An employer can demand a lot, as long as they don't discriminate and it is something we have become used to experiencing.
"If an employer wants to require certain safety measures, I'm all for that as long as they're based in science," says Larry Masterman of Weaverville, "there are lots of jobs where you have to wear steel toed boots or a hard hat."
The law surrounding this is complicated and messy. San Francisco employment attorney, Susan Bluer, says those in certain protected classes could be exempted from getting the shots, but most of us are not in a protected class.
RELATED: When can I get vaccinated? Here's where you might stand on the vaccine priority list
I asked for her take on where an employee stands.
"You're an employee, do I have to do it? Do I have to do it or risk losing my job?" she says, "I would say it's all about risk. If you want to assume the risk of getting fired because you don't fall into those protected classes, I would say don't assume that risk. Get the vaccination," says Bluer.
Now let's move on to travel.
We start with travel attorney, Adam Anolik.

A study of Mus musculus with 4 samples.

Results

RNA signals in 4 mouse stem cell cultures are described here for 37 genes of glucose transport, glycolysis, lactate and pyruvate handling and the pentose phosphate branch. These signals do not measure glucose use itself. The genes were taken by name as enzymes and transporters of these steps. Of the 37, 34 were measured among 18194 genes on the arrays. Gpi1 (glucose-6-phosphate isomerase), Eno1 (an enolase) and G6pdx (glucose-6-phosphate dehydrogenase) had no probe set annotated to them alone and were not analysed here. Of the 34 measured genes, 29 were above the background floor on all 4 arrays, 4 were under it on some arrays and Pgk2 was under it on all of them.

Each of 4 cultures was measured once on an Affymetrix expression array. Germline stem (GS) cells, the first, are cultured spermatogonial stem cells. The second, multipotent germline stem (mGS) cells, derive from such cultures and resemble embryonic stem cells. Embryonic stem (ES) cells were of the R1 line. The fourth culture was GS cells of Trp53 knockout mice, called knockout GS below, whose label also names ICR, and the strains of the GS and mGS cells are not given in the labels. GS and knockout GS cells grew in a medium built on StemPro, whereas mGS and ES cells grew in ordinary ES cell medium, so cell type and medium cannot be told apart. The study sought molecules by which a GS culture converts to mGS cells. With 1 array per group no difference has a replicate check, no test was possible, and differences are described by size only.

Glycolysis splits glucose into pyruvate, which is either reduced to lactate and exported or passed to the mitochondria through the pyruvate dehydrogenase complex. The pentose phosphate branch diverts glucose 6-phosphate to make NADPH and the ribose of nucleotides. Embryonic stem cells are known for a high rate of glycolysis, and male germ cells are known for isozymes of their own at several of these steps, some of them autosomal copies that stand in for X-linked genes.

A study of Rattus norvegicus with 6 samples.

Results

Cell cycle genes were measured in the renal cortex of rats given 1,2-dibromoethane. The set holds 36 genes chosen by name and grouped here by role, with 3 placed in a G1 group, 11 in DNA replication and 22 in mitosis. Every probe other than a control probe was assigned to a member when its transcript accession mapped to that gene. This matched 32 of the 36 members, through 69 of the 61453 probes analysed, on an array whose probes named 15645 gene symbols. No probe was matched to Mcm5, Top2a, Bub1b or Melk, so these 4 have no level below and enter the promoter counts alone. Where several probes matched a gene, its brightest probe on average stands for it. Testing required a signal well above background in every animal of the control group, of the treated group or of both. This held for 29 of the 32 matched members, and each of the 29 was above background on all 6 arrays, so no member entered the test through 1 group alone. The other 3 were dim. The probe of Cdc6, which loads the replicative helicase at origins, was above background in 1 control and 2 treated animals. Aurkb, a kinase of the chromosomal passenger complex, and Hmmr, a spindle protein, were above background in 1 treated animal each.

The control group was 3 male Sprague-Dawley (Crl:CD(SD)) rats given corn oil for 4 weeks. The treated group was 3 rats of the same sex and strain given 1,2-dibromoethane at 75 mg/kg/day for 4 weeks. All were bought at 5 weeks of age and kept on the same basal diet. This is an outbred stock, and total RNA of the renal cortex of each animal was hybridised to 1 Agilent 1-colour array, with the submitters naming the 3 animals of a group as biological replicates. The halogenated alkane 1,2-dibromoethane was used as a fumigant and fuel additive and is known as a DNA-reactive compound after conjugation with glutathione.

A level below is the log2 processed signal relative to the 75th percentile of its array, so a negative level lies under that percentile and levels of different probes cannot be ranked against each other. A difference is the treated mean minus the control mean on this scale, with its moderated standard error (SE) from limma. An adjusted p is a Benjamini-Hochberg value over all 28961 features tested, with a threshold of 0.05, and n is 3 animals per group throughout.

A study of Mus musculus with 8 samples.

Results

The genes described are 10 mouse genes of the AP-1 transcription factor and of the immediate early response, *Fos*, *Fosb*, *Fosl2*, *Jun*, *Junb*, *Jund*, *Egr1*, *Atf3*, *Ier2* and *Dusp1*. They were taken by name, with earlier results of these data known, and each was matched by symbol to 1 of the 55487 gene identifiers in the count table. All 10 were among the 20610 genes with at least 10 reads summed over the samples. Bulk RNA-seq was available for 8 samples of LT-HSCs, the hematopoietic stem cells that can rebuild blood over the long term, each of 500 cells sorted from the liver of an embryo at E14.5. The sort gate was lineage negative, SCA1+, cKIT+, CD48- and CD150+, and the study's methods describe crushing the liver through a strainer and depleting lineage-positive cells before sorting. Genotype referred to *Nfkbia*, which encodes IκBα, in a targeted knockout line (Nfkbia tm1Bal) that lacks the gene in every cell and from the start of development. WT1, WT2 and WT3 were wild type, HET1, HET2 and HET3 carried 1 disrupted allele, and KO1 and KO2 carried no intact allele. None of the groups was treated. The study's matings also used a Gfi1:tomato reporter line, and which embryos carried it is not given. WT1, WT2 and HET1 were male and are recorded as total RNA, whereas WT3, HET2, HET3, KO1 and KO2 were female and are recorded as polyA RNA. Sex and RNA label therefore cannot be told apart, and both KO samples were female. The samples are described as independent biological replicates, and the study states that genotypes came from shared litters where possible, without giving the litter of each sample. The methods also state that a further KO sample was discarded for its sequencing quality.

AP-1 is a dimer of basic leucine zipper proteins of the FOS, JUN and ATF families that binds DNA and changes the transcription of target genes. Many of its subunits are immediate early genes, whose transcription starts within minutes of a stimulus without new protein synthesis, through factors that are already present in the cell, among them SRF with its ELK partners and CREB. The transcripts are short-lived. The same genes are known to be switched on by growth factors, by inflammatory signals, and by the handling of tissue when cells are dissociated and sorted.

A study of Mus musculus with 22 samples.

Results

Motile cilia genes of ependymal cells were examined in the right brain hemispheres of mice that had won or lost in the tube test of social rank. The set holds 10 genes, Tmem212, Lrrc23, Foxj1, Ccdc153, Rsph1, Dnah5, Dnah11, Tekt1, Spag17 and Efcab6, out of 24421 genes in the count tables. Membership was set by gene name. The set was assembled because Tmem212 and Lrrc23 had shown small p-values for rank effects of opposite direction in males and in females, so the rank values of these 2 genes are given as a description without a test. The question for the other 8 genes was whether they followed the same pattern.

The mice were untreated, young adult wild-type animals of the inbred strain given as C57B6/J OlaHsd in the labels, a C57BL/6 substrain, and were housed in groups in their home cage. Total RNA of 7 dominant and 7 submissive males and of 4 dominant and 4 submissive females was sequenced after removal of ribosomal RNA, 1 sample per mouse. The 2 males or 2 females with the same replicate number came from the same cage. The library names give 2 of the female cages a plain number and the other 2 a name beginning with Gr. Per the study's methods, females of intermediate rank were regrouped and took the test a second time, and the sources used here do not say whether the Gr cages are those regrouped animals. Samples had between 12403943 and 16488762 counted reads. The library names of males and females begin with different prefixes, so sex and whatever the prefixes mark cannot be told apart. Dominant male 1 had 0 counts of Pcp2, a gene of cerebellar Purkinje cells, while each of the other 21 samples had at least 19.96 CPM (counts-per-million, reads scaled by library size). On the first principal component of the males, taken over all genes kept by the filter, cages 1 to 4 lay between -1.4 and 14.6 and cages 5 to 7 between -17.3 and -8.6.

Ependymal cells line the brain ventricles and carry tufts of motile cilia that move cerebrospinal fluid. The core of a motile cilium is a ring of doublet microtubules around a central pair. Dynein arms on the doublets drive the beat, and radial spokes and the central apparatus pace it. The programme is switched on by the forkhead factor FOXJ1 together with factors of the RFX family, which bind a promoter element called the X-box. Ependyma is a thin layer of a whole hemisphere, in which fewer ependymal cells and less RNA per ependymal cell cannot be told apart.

"I think it's totally reasonable to require a vaccination," he says.
RELATED: Companies working on 'COVID passports' for vaccine rollout
Adam Anolik's take on things means a lot as a respected travel attorney. He says airlines, hotels and other travel providers have the right to choose who they do business with, as long as they don't discriminate.
"So you can have your business and say, 'Only people in suits can come into my restaurant,' or 'Only people with shoes can come into my cafe,'" he says. "You can discriminate against certain people as long as it has a valid purpose."
A purpose, perhaps, like protecting clients and employees from a potentially lethal illness.
RELATED: 'COVID tested' experimental flights to take off from JFK, Newark airports next month
Your rights as a traveler are extremely restricted when it comes to getting the vaccine.
Just as Walmart can keep those without face masks from entering their stores, it would appear most airlines and cruise ships could refuse to serve you for declining a vaccine.
One thing to keep in mind: most of this has not been tested in the courts, so things could change.
Take a look at more stories and videos by Michael Finney and 7 On Your Side.